Rare blood clot tied to Covishield

Doctors call for awareness on diagnosis, treatment
A vaccine policy adviser said India had administered over 868 million doses of Covishield but documented only “a few” cases of VITT, the extremely rare incidence establishing the benefits of the vaccine over the risk.

G.S. Mudur   |   New Delhi   |   Published 19.10.21, 01:54 AM

A private hospital has confirmed the incidence of a rare but potentially life-threatening, vaccine-induced blood clotting disorder among some Covishield recipients in India through what doctors have described as a “gold-standard” confirmatory test.

The findings corroborate observations from other countries that vaccine-induced thrombosis and thrombocytopenia (VITT) is an extremely rare adverse event, but underline the need for national guidelines to raise awareness on diagnosis and treatment, the doctors said.


Doctors at the Sir Ganga Ram Hospital, New Delhi, diagnosed VITT through an initial test that detects antibodies against a substance called platelet factor 4 (PF4), and then a confirmatory test that observes how normal platelets respond to the patient’s serum.

The first patient that the SGRH doctors diagnosed as suffering from VITT was an 18-year-old boy brought to the Army Hospital, New Delhi, from Mathura in June, 17 days after he had received his first dose of Covishield. The boy, who had a persistent headache and recurrent vomiting, died in hospital.

Doctors believe the boy died because of a late transfer to Delhi after seven days in hospital.

Since June, the SGRH haematology department — which has set up India’s first lab to provide the confirmatory test for VITT — has received 14 additional samples among which six have tested positive for VITT, one from Delhi and five from Kerala.

All six patients have survived after appropriate treatment.

A vaccine policy adviser said India had administered over 868 million doses of Covishield but documented only “a few” cases of VITT, the extremely rare incidence establishing the benefits of the vaccine over the risk.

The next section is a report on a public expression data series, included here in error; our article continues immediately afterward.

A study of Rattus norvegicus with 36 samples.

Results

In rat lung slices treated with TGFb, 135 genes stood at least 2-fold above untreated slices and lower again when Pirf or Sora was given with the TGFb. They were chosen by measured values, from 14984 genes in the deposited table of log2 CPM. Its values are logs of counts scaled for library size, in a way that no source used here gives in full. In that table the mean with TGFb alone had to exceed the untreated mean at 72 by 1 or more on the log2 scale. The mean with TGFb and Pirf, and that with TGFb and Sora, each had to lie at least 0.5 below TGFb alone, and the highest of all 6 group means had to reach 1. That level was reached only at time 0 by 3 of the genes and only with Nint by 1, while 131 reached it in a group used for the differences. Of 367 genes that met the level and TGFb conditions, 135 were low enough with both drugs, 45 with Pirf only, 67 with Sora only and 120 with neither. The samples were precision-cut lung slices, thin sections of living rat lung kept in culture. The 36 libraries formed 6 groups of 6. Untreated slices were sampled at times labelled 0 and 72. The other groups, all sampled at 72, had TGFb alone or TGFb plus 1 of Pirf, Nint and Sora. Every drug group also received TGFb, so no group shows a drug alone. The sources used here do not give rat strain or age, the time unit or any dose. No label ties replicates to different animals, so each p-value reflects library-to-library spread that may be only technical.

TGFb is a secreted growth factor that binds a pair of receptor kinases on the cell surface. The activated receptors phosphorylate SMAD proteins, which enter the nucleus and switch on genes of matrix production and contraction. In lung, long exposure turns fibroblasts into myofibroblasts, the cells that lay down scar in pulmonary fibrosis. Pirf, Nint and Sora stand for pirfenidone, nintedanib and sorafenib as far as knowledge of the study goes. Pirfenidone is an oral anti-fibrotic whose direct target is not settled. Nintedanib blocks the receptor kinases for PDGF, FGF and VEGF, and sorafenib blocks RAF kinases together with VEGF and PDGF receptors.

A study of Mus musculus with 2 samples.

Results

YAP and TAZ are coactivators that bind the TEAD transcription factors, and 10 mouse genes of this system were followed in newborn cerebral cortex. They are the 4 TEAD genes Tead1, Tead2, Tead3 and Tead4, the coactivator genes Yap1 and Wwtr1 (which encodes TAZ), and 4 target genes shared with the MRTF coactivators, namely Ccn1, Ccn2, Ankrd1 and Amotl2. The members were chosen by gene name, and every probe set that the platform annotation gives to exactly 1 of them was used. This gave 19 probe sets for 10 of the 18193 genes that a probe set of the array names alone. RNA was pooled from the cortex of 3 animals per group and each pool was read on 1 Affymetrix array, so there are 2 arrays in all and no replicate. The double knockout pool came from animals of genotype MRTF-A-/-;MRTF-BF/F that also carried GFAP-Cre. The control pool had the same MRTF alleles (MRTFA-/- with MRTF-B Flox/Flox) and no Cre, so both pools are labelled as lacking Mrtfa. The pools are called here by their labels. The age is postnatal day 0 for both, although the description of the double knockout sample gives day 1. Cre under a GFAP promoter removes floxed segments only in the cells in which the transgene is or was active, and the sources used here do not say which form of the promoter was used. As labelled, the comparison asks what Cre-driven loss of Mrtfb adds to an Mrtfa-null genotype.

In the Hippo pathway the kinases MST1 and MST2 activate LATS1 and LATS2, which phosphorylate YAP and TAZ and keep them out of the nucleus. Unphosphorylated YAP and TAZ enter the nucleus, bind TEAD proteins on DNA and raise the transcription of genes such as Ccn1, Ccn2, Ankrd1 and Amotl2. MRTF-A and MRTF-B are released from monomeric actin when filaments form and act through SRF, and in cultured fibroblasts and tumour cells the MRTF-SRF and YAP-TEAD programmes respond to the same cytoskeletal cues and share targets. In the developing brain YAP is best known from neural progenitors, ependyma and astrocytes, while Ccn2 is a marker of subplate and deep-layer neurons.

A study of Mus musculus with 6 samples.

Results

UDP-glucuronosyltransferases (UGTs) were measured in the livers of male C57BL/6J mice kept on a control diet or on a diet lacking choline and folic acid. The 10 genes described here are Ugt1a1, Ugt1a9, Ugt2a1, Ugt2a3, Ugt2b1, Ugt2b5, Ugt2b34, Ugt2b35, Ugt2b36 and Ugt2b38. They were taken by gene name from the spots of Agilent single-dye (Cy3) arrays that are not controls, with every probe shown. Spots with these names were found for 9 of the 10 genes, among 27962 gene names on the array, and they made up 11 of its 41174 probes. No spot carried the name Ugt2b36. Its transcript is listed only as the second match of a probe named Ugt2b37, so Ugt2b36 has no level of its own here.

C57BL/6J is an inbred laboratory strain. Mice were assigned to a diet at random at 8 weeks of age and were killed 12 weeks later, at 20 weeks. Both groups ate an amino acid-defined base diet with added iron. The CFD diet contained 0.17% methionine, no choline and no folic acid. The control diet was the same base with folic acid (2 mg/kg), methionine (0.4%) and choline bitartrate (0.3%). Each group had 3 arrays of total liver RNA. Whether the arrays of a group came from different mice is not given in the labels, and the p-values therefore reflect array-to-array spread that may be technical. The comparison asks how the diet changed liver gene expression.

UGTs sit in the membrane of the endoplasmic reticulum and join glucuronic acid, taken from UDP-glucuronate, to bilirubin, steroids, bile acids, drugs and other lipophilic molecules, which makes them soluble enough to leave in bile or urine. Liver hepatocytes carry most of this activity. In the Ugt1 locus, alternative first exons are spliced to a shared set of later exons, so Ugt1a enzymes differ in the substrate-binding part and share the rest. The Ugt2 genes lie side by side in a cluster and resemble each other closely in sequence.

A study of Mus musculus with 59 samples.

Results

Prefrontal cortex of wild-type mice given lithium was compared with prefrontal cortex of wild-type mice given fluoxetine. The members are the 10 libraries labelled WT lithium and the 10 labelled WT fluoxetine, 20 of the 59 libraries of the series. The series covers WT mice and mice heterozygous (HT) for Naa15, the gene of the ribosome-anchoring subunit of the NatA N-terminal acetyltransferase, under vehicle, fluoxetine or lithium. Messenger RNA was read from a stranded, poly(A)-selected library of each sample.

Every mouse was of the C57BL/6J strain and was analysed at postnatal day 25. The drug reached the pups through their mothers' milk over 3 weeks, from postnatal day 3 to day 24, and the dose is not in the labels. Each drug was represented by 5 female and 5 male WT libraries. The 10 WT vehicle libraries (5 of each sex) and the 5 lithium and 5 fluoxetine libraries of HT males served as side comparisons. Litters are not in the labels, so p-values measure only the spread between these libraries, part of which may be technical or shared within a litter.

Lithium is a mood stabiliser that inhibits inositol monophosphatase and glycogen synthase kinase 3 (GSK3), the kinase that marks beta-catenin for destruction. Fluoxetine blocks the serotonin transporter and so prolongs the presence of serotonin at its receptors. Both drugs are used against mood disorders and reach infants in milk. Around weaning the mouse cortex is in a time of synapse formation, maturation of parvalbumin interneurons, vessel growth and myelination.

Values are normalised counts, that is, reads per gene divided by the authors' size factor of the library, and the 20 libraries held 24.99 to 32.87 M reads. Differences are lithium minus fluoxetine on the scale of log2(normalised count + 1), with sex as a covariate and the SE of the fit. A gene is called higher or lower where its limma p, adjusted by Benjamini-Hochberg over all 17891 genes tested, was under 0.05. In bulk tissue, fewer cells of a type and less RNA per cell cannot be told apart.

The World Health Organisation had in April this year flagged reports of thrombosis (formation of blood clots in blood vessels) and thrombocytopenia (low platelet counts) as a rare adverse event following vaccination with Vazeria and Covishield, the AstraZeneca-Oxford vaccines produced by AstraZeneca and the Serum Institute of India, respectively.

Doctors said the incidence of VITT in other countries suggested it occurred in one in 100,000 to one in 127,000 vaccine doses, making it extremely rare. But professional medical organisations in Canada, Germany and the UK have issued diagnostic and treatment guidelines.

“Awareness is the key tool that will expedite diagnosis, guide treatment, and help save patients,” said Jyoti Kotwal, chair of the haematology department at SGRH.

“But we’ve got six samples from Kerala and very few from north India. We need more awareness in medical circles and among vaccine recipients.”

Kotwal added: “Why are we getting more from Kerala? Possibly because of greater awareness among medical professionals there. We need more awareness elsewhere too.”

India’s Covid-19 vaccination campaign guidelines urge recipients to look out for any unusual symptoms — including headache, vision changes, nausea or vomiting, seizures, abdominal pain, chest pain, shortness of breath or blood in stool — after receiving the doses.

A senior medical adviser to the vaccination campaign told The Telegraph that thrombosis along with low platelet counts and a raised value of a blood parameter called d-dimer are sufficient for a reliable diagnosis of VITT.

But, Kotwal said, this triad — thrombosis, low platelet count, and raised d-dimer — is at best only “presumptive diagnosis and not confirmed diagnosis”.

While doctors may start treatment on the basis of a presumptive diagnosis, Kotwal said, they need a confirmed diagnosis to continue with appropriate treatment and for the epidemiological purpose of determining the incidence of VITT in the population.

“Many western countries have referral labs doing the gold-standard platelet aggregation test to confirm all suspected cases of VITT and give the correct incidence of this adverse event,” she told this newspaper. “We now have such a lab in our hospital.”

The standard treatment for VITT involves the use of an intravenous immunoglobulin concentrate that blocks the antibodies against PF4, blood thinners to treat clots and prevent new clots, and other lines of therapy.

“The gold standard confirmatory diagnosis will guide appropriate treatment, especially in early cases that have thrombocytopenia with increased d-dimer but have not yet developed a clot that can be picked up by imaging,” Kotwal said.

Senior health officials had asserted earlier this year that India had a robust mechanism for tracking adverse events following immunisation (AEFI), and that analyses of serious AEFIs had established that the benefits of vaccines far outweighed any extremely rare risks.

Some doctors and patients’ rights advocates had earlier this year urged the Union health ministry to thoroughly investigate all cases of thrombosis and thrombocytopenia, expressing concern that not all reported cases were being adequately investigated.